NOTE: I’m just kidding OSHA. No need to come investigate me. I keep a set of steel-toed boots, jeans and a hard hat in my trunk in the event that I’ll have to do something non-office-y (that’s a word, right?) in the course of my day. I put them on every time. Yup. Every. Time.
Anyway, now that we’ve agreed that I always observe all forklift safety regulations and totally ruined my super awesome blog title in the process, I shall continue my story…
We install all manner of commercial HVAC units, so we get a lot of stuff delivered by tractor trailer truck that has to be offloaded with a forklift. We’re a small office with just a few of Estimators, Service Manager and the rest of the office staff, who all happen to be female. It regularly happens that there is no one here but us HVAC chicks. So it became obvious early on that I was going to have to learn to be a forklift driver. And not just me. A few of my fellow office ladies over the years have also been certified. We are tough HVAC chicks, after all.
Speaking of tough chicks, way back when the business first started, it was just my Dad, who was always on the road, and my Mom who handled all things not field-related, including the off-loading of massive HVAC units WITHOUT the assistance of a forklift. I’m not sure exactly how she did it. Some combination of sassy female charm and the powers of telekinesis, maybe? I do remember hearing a story about a tennis shoe that met its death as a result of a wayward HVAC unit. Mom kept all of her toes thankfully.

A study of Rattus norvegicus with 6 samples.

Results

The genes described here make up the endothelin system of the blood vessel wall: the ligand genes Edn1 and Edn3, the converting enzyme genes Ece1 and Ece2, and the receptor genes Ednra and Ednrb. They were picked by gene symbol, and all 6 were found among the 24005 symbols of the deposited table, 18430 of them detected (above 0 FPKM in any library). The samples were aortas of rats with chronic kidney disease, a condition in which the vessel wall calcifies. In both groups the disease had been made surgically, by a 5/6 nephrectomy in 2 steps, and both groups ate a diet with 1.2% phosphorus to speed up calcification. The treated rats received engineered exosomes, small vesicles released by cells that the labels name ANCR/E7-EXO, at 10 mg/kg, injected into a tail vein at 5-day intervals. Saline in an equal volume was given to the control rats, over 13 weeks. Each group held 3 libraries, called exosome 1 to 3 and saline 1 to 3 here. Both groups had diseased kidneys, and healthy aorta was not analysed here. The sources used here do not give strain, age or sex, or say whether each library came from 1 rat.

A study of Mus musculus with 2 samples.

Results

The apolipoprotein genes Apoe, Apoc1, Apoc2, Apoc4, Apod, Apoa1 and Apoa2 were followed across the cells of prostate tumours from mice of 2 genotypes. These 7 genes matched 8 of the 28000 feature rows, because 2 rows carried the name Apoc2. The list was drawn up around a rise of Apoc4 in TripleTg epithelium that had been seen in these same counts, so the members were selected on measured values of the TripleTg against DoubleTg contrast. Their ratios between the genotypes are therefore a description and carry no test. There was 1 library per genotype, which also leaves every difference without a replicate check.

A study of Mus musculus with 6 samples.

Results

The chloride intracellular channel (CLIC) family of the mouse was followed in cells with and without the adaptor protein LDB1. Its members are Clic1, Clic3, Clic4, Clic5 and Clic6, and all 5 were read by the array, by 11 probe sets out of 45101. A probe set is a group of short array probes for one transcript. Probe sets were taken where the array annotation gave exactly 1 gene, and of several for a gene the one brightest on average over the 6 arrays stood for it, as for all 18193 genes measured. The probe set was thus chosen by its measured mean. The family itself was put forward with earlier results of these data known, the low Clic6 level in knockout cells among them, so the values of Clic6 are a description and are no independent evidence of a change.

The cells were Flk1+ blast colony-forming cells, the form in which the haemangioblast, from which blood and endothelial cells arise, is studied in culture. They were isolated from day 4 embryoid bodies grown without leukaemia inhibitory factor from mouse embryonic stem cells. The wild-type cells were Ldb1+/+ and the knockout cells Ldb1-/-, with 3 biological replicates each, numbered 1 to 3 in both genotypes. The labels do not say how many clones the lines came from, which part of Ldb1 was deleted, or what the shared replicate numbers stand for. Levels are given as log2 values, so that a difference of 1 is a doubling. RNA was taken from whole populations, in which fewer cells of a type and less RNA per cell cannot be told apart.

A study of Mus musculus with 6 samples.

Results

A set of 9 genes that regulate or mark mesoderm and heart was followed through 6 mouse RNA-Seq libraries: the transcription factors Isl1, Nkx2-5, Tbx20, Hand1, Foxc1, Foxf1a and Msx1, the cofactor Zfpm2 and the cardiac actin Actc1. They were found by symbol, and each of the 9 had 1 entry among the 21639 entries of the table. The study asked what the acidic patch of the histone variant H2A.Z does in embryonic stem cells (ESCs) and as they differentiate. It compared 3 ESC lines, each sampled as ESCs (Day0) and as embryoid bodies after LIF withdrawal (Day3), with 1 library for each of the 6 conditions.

A female forklift driver can’t be THAT rare, but you wouldn’t be able to tell that from the looks on the truck driver’s faces when I come bounding down the stairs to take a delivery. At first the expression on their face reads incredulity, like “You know this is heavy right?” As if I might have been thinking that there are large crates of teddy bears in there. And then, I mention that I’m off to fire up the forklift and then I get back-to-back responses of, “Oh good, you have a forklift.” and “YOU’RE driving the forklift?!?” Umm…Yup. Then I get a good-natured shrug of acceptance and a sigh of relief that all they need to do is roll whatever it is to the edge of the truck.
After nearly 12 years, it still never gets old seeing the face of the truck driver as I hop up on the forklift to offload a rooftop unit.
Today it was a new driver. When I said I’d go get the forklift, he paused a beat then said, “Oh, OK. You look like a capable lady.” It made me smile. Thank you, Mr. Truck Driver. I would have to agree with you.